Do Small Format Supermarkets Improve the Shopping Experience?: Field Study Assessment of Two Alternative U.S. Strategies

Do Small Format Supermarkets Improve the Shopping Experience?: Field Study Assessment of Two Alternative U.S. Strategies

Mark Lang (Department of Food Marketing, Haub School of Business, Saint Joseph’s University, Philadelphia, PA, USA), Primidya K. M. Soesilo (Department of Marketing and Supply Chain Management, Fox School of Business and Management, Temple University, Philadelphia, PA, USA) and Richard Lancioni (Department of Marketing and Supply Chain Management, Fox School of Business and Management, Temple University, Philadelphia, PA, USA)
Copyright: © 2012 |Pages: 8
DOI: 10.4018/ijabe.2012100101

Industry reports have highlighted the trend for smaller format supermarkets in the food industry. Retailers such as Wal-Mart, Tesco, and Safeway see smaller format supermarkets as an opportunity to respond to the changing preferences of customers who are seeking a more convenient shoppability experience. This study investigates differences in small format retail strategies among retailers. A combination of direct observation in a naturalistic setting and Delphi methodologies were employed. A comparative analysis was performed to examine differences in strategy.

Evolution of Food Store Designs

Changes in retail food stores and assortments over the last two decades may have had some negative consequences for consumers. Small format stores have emerged as a possible response and solution for certain customers. For the purposes of this study, format is defined as the physical size and configuration of the retail store. As Burke (2005) states, “the dramatic increase in the number of products and the expanding footprint of retail stores has made it increasingly difficult for consumers to find their way through stores, differentiate between brands, and assess product quality.” This increase in both product quantity and store size has been coupled with more complex consumer promotions and message clutter in the stores. Consumer frustration with finding products that suit their needs among multiple competing products, differentiating and comparing among brands, and processing cluttered promotional messages leads to consumers' stress that may negatively affect their subsequent behavior and buying decisions. Consequently, consumer preferences may have shifted from wanting to choose from many available options to desiring less complex shopping options that can save time and effort. This change lead retailers to pursue smaller format stores to minimize confusion and complexity for consumers in their decision making process. Thus the concept of smaller format grocery stores became more popular throughout the industry as more retailers announced plans to open newer, smaller grocery stores. By 2008, for example, Tesco had introduced its Fresh & Easy concept and began expansion in the western United States (The Food Institute, 2008).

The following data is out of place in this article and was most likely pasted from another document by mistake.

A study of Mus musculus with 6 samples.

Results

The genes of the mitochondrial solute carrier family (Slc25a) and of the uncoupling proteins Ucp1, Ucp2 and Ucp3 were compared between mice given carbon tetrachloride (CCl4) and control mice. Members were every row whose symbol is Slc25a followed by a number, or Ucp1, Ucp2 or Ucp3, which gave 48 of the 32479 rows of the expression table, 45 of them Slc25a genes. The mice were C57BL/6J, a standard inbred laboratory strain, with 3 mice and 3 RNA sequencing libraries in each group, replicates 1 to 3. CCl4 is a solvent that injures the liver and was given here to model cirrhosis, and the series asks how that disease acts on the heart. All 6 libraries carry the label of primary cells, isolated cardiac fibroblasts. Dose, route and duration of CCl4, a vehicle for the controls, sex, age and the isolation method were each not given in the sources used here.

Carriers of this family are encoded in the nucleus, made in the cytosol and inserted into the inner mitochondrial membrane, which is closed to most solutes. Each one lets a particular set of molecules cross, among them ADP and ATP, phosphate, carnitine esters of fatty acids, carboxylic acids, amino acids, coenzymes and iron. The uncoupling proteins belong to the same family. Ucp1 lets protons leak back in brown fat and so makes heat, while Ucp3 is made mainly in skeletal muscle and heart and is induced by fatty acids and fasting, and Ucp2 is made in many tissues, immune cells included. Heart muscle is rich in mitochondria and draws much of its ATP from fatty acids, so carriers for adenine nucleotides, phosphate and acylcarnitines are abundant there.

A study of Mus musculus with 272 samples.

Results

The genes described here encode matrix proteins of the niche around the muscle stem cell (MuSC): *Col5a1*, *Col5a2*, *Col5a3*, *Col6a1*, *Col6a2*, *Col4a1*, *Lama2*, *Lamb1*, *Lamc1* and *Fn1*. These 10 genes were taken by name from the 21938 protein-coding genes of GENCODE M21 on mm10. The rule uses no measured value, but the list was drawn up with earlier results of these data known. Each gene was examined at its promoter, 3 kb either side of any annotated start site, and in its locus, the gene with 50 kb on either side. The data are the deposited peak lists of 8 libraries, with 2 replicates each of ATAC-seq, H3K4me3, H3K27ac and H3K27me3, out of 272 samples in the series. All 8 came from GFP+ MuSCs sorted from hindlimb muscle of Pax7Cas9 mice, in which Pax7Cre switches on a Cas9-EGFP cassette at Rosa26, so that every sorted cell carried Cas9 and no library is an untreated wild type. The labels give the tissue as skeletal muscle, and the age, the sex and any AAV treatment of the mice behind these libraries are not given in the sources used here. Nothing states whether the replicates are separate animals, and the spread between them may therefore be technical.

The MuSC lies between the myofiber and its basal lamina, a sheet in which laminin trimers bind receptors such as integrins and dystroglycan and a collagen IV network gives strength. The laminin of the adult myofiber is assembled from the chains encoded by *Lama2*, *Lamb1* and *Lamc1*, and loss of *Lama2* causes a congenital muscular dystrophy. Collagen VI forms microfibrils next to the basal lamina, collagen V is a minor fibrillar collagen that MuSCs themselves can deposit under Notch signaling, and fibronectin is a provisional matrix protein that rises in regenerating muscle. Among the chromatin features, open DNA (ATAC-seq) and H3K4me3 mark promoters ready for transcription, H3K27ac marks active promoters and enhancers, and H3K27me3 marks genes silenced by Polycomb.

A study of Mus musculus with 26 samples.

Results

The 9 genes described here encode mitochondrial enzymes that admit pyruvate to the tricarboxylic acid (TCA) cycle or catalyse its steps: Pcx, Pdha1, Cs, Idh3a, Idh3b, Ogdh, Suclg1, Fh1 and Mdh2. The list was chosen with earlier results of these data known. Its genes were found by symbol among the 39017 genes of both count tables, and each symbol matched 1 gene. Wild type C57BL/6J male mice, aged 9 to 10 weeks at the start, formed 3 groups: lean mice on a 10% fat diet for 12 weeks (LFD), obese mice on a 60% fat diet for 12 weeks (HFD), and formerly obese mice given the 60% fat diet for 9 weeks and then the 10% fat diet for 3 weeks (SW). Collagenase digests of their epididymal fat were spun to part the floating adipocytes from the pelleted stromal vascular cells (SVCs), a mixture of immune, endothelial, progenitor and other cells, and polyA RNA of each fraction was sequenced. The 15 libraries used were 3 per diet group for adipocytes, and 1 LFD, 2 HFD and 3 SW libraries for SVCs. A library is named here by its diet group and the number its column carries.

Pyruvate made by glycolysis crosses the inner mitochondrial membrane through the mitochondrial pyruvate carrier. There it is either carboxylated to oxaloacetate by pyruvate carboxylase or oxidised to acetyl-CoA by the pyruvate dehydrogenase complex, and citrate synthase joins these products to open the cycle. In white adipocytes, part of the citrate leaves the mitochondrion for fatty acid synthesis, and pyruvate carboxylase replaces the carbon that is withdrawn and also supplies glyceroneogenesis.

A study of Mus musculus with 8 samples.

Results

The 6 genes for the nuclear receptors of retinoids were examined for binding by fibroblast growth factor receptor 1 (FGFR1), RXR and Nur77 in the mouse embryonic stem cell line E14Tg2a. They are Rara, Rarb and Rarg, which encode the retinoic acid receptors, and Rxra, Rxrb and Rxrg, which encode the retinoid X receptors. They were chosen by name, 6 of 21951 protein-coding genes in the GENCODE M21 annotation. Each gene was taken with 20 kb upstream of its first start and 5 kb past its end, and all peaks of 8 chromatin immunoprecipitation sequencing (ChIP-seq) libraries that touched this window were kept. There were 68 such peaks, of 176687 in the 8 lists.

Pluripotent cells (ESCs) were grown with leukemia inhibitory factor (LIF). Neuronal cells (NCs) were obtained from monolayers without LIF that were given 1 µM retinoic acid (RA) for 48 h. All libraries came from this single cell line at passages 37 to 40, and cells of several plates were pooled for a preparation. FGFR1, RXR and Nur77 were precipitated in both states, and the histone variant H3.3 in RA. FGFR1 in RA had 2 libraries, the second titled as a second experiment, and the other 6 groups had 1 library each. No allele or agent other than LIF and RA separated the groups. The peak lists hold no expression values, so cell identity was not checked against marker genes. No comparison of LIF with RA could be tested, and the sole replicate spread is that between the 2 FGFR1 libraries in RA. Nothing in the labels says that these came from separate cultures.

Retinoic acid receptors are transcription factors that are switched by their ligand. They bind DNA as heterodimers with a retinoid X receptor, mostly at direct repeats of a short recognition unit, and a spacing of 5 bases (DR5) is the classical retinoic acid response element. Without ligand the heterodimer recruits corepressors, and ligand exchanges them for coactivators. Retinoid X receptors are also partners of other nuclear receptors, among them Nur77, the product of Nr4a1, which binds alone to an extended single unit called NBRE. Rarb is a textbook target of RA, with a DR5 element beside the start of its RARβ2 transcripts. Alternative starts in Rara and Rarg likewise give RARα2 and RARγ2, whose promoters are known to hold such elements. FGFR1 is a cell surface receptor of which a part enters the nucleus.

The approach to pursue small format stores appears to differ among retailers. Although they may have similar store sizes, the way they configure and merchandise their retail concept can be quite different. For example, while major players such as Wal-Mart have taken a 'scaled-down supermarket' approach with their small format stores, others such as Tesco have taken a different approach from the mainstream. Fresh & Easy focuses on offering more private label than its counterparts. Based on this, a useful distinction can be made between small store concepts: traditional (as offered by the more mainstream retailers, such as Wal-Mart, Safeway, etc.) and non-traditional (as offered by Fresh & Easy).